Both Walt Disney Animation Studios and Pixar Animation Studios have their own experimental short film incubators. Pixar’s SparkShorts program typically puts out some very deep and introspective stories whereas Disney’s Short Circuit films are typically lighter, happier and more uplifting. In the second season of Short Circuit shorts, there are a few projects that feel a little more in line with what viewers expect from Pixar and Songs to Sing in the Dark is one of them.
Two creatures are stumbling around in the dark, presumably a cave, and both have the ability to startle predators with lights that make them appear bigger than they really are. Using red and blue light shapes, these two creatures soon realize that neither is a threat and begin to play. But when trouble arises, they find out that they are more powerful together than apart.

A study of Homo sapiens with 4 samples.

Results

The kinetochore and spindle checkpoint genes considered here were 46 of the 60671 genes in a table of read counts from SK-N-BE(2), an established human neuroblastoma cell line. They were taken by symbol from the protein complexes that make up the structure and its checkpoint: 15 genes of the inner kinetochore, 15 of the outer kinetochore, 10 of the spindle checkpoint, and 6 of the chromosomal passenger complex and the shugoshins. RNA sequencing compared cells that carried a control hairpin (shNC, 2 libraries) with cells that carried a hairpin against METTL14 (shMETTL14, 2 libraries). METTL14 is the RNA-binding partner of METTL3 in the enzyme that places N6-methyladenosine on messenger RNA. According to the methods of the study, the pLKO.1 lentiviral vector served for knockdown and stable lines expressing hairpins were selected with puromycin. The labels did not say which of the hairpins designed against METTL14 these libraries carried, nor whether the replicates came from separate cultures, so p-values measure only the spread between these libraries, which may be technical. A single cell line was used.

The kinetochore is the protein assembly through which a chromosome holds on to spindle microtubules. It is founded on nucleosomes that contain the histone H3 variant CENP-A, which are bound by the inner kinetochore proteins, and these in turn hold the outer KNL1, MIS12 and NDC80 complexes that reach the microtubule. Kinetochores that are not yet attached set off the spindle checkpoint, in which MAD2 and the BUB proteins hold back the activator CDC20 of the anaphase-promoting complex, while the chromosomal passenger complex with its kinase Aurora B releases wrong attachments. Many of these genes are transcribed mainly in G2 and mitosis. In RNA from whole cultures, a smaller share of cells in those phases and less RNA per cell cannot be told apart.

Directed by animator Riannon Delanoy, the filmmaker’s introduction explains her childhood love of the natural world and her scientific interest in senses that other animals have, such as echolocation. That was the primary inspiration behind Songs to Sing in the Dark, mixed with her passion for the Studio Ghibli film Princess Mononoke, which features its own unique monsters.
The monsters all appear in shades of grey, almost like a sonogram (images created by soundwaves), but the lighted shapes they emit are brightly colored. Each creature has their own signature color, red and blue representing the two main characters. The shapes have a chalk-like texture, making the visual dynamics of the short very appealing.
While most of the Short Circuit films are suitable for all ages, Songs to Sing in the Dark may be a little too dark and scary for younger viewers. Parents may want to screen it before showing it to preschool-aged kids, but there is no objectionable content to be found. If they’re fine watching a Pokémon battle in a video game or TV show, they shouldn’t have a problem with this short.
Songs to Sing in the Dark premieres Wednesday, August 4th, part of Short Circuit Season 2.
Alex joined the Laughing Place team in 2014 and has been a lifelong Disney fan. His main beats for LP are Disney-branded movies, TV shows, books, music and toys. He recently became a member of the Television Critics Association (TCA).